The Differences Between A Vagina & A Cervix

Written by Yoppie

19 Jul 2021

What is a vagina?

OK, so what is a cervix?

How do they work together each month? 

What about during childbirth?

What do they both look like? 

How do I keep them both healthy? 

Got a vagina? What about a cervix? Or maybe you don’t have either but you’re curious to know what it all means? You’ve come to the right place. We hear and say these words a lot, but sometimes we use them interchangeably to mean pretty much the same thing; the bits inside that hole you stick your tampon in. But they’re actually two separate entities, and we’re here to break down the difference between the two. 

What is a vagina?

The word ‘vagina’ is usually used as a sort of umbrella term for all parts that make up the female genitalia, and more specifically people use it when they mean the vulva - the outer part of the sexual organs. The vulva includes the labia, the clitoris, the urethra, and the vaginal opening, which is where the vagina actually is. 

The vagina is the part where your period comes out, the part that you insert your tampon into, the part that stuff may go into during sex (penis, fingers, toys, etc.) and the part a baby comes out of during childbirth. It’s pretty multi-functional. 

The vagina is a muscular canal that expands and contracts as needed, with a squishy, flexible lining. This can produce natural lubrication during sex, and it connects to the uterus via the cervix. 

OK, so what is a cervix?

The cervix is the entryway to the uterus. It’s actually part of the uterus, but made up of different tissue, and is cylindrical in shape and around 2 inches long. You’ll find it at the very bottom of the uterus and the top of the vagina, and its role is to keep the uterus happy and healthy, to widen during childbirth so a baby can come out, and to allow menstrual blood from the uterus to enter the vagina. It’s also the gatekeeper for any sperm that want to swim up to the uterus to try fertilising an egg. 

When your GP is looking up at the cervix while doing your smear test, the part they see is called the ectocervix. It has an opening in the middle which is called the ‘external os’, and this opens when needed, such as when a baby comes out.

How do they work together each month? 

That magical cervical tube connects the uterus to the vagina, and this comes in handy each month when you have your period. The lining of your uterus thickens and - if an egg isn’t fertilised - eventually sheds in the form of tissue and blood, moving though your cervix and into your vagina. 

What about during childbirth?

The cervix is super intuitive, and during pregnancy, it’s actually thick and closed. When it comes time to give birth, contractions draw the cervix up further into the uterus, and it thins and opens. This opening of the cervix is the part in the movies where doctors say “you’re dilated!”, and when it reaches about ten centimetres dilated, contractions help the baby move from the uterus through the cervix and down into the vagina, ready to be born.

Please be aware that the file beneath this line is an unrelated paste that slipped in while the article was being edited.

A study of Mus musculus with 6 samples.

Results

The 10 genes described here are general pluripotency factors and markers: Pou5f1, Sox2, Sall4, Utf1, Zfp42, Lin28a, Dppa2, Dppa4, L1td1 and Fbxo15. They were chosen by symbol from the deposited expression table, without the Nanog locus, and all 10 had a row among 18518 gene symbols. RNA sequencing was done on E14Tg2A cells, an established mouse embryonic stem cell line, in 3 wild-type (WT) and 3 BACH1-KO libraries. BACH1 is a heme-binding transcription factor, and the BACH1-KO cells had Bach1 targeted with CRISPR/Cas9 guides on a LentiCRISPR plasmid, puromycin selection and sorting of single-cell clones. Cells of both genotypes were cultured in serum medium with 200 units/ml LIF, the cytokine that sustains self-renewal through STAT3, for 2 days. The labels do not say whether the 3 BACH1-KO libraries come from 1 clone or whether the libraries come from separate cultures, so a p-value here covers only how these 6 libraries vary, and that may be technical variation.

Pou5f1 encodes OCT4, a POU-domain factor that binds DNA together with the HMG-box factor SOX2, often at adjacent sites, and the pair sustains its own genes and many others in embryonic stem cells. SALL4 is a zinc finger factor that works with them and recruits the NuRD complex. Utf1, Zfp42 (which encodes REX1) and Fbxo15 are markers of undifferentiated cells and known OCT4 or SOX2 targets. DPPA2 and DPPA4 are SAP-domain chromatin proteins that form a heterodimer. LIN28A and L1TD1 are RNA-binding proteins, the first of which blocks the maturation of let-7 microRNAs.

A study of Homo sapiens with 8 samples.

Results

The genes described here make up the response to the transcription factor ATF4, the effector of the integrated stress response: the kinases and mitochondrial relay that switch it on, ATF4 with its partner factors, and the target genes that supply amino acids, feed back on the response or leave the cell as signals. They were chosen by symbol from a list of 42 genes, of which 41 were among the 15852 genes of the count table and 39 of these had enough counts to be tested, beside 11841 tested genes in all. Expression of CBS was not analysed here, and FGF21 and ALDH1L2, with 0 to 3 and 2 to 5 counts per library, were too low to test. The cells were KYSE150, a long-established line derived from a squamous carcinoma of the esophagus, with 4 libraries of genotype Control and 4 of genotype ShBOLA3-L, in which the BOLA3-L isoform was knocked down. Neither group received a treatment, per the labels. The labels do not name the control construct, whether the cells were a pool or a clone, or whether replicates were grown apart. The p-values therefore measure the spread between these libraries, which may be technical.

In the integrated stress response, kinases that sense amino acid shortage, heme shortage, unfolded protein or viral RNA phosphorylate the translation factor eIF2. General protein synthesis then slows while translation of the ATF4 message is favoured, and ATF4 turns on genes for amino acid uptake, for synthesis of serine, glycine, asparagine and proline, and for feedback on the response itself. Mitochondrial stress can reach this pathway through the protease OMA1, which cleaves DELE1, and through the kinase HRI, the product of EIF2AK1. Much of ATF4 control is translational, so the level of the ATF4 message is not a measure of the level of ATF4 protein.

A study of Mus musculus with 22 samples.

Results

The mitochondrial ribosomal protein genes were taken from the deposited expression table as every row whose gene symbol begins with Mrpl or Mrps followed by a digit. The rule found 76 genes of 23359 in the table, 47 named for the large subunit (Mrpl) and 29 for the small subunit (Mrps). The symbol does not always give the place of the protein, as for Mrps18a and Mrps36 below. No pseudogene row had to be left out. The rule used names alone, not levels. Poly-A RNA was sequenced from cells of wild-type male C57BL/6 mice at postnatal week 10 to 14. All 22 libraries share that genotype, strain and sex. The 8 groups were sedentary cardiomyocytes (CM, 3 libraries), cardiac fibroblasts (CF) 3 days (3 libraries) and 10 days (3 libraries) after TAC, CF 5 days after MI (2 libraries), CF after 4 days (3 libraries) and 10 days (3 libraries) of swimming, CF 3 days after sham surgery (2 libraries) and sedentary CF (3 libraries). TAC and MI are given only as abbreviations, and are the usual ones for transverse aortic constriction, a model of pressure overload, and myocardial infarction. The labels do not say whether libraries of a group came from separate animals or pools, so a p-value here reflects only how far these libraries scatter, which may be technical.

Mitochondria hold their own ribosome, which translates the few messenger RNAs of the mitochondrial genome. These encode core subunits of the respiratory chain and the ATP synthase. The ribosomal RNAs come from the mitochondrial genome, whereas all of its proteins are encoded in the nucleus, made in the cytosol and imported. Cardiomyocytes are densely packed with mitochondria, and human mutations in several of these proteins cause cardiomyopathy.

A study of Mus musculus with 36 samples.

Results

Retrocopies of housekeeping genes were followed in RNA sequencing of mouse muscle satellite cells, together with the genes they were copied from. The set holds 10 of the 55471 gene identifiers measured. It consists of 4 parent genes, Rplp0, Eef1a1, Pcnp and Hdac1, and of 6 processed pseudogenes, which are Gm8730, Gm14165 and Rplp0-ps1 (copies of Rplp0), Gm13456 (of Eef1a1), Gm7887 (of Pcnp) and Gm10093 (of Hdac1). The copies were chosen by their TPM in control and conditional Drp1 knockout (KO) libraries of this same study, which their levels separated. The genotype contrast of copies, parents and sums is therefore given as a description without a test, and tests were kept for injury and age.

What do they both look like? 

It can be hard to picture them when they’re inside your body. You may have experimented with looking at the opening of your vagina using a hand mirror, but if not, we recommend taking a look-see at what you’ve got going on down there. It’s not so easy to see inside the vagina, however, and the cervix is rarely seen - most of us will never even catch a glimpse. 

If we could see our full reproductive system outside of the body, we’d see that both the vagina and the cervix are generally cylinder shaped. Vagina shape varies from person to person though, with some more oval shaped. If you’re not squeamish, Women’s Health magazine has some fascinating (and rather graphic, be warned) photos of a cervix as it appears throughout the month - definitely check them out as they might surprise you. 

How do I keep them both healthy? 

They pretty much take care of themselves. When it comes to the cervix, make sure you attend your cervical screening exam (every 3 years if you're aged 25-49, every 5 if you’re 50-64). This is where they test cells from your cervix to ensure everything is healthy in there. Many people put off doing this, but it can literally save your life as it catches any abnormal cells that can lead to cervical cancer - don’t skip this test! 

Other things you can do for a healthy cervix is to get your HPV vaccine which also protects against cervical cancer, practice safe sex, and get tested for STIs reguarly so you know everything is healthy. 

The vagina can be a tricky one, as there’s a bit more going on. You may be having sex, putting a tampon in there, and washing the outside (the vulva) with products in the shower. If you find you get any irritation or infections easily, you may want to try switching to a gentler product to clean - the vulva only, remember. The vagina is a self-cleaning organ, so always avoid cleaning the inside by douching or using products in there. It takes care of itself. 

If you want to treat your vagina to even more of a good time, you can also try switching to organic period care, using a natural lubricant that suits your skin sensitivity, and always wearing breathable cotton underwear for a happy vagina.

Got a question about your cervix or vagina? Let us know what’s on your mind over in our private Facebook group or drop us a note on Insta@itsyoppie. Don't forget that our personalised period box can get organic tampons, PMS supplements and more delivered easily and regularly through your letterbox, so that's one load off your mind about everything going on down there!